Coast Guard reminds about safety after paddle sport-related accidents
Accidents make up 50 percent of all deaths on Great Lakes this year
ST. CLAR SHORES, Mich. – U.S. Coast Guard Station St. Clair Shores is reminding boaters about safety after paddle sport-related accidents on the Great Lakes.
The accidents make up 50 percent of all deaths on the Great Lakes this year. Coast Guard officials said of those deaths, 90 percent were people not wearing a life jacket. The Coast Guard said this is an increase from previous years.
The Coast Guard responded to 27 cases in the last 30 days on the Great Lakes involving paddle craft, such as canoes, kayaks and paddleboards. Officials said four cases resulted in loss of life with no life jackets.
"Paddle craft are the fastest-growing segment of the recreational boating community, and with that fast growth has come a deluge of inexperienced boaters," the Coast Guard said. "With this lack of experience often comes a lack of knowledge of safe practices."
The Coast Guard is looking to inform the greater Detroit boating community of the following safe practices:
1) Wearing a life jacket. As noted above, this is the easiest and most effective way to prevent loss of life on the water, even for strong swimmers.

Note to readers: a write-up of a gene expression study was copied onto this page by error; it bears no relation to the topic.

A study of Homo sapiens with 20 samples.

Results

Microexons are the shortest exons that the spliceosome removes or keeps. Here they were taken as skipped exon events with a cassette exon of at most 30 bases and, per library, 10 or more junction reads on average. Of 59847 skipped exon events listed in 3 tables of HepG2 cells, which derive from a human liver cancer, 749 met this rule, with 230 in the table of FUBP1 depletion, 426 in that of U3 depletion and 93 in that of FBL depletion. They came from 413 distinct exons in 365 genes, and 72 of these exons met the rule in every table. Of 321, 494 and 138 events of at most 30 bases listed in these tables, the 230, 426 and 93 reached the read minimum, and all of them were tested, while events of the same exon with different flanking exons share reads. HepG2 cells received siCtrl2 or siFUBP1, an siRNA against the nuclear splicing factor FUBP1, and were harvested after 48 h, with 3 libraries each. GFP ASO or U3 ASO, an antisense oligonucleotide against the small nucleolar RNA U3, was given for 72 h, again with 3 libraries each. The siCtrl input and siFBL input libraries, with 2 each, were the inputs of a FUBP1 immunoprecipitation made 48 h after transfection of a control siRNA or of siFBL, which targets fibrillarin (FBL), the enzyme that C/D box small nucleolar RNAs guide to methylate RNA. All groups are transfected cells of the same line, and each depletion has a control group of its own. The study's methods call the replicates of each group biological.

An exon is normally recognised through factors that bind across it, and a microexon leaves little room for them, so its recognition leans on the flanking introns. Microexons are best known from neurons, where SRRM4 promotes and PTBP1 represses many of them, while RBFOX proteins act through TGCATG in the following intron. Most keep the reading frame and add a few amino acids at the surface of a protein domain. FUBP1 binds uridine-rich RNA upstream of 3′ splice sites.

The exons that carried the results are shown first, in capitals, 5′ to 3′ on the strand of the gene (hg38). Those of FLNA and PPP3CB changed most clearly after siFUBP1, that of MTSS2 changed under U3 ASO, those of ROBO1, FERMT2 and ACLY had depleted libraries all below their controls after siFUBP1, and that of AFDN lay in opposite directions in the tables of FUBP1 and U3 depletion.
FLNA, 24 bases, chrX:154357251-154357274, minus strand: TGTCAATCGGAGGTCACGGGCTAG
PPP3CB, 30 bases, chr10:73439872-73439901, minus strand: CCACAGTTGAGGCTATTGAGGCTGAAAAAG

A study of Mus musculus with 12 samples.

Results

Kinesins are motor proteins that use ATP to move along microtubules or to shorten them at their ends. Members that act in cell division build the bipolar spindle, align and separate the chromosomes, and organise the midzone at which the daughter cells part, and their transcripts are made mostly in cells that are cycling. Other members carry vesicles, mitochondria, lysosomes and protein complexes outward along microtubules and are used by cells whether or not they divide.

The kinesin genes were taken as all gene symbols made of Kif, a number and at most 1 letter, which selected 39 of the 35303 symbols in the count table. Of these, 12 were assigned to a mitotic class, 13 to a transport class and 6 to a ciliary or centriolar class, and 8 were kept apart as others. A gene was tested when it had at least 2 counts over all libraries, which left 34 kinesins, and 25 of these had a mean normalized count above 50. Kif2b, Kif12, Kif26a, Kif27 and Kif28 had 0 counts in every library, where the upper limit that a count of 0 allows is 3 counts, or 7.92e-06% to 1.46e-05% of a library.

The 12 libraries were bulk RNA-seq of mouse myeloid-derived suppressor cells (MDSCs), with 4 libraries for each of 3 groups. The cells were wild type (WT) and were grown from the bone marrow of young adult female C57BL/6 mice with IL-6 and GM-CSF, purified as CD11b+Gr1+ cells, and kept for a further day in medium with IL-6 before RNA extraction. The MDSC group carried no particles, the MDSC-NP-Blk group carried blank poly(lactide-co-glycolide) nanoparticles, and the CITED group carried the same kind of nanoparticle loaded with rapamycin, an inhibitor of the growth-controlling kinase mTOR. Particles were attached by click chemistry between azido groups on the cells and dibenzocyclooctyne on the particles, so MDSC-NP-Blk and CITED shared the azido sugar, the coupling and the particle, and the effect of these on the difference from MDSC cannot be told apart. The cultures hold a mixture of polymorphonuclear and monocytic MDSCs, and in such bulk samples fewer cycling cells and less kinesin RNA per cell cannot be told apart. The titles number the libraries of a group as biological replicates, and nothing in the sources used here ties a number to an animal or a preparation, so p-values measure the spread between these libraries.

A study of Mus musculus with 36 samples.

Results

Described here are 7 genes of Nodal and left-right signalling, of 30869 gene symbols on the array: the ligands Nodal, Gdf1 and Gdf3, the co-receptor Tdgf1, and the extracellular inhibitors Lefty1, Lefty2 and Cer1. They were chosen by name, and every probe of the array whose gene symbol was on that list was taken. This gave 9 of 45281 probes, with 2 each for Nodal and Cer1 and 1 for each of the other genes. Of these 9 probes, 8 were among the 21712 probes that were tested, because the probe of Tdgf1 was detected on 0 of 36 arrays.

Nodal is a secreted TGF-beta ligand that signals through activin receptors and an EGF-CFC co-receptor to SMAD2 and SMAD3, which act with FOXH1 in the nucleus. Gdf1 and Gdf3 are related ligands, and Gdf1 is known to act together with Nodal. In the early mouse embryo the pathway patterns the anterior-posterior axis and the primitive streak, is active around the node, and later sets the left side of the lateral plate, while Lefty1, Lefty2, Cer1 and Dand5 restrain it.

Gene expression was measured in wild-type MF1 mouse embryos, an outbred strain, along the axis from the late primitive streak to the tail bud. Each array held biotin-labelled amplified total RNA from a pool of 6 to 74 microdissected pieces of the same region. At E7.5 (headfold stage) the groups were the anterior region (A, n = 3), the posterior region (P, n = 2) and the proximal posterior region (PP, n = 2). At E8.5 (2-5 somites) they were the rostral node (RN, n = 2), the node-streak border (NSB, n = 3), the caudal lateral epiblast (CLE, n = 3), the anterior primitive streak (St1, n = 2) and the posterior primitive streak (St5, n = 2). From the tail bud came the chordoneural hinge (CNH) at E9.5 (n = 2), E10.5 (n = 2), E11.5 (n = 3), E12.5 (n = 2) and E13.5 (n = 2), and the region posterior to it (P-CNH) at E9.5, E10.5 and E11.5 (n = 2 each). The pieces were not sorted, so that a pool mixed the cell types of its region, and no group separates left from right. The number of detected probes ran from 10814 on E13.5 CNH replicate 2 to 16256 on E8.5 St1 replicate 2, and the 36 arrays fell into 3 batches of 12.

2) Keeping a cellphone or handheld VHF radio on board. In the event of an emergency, this allows the boater to reach out for help before it is too late.
3) Having a light for nighttime paddling. Apart from being federally required while on Lake St. Clair and its surrounding waterways, a light can help signal other boaters or shore stations in the event of an emergency.
4) Filing a float plan. Doing something as simple as writing down where you intend to leave from, travel to, and anticipated return time can greatly assist in the Coast Guard's search in the event of distress.
5) Taking a safety course. Particularly for those newer to paddle sports in general, a safety course may teach techniques such as re-entering or re-righting canoes and kayaks, proper paddling techniques, and how to "read" the weather to avoid wind, waves and currents that may be dangerous.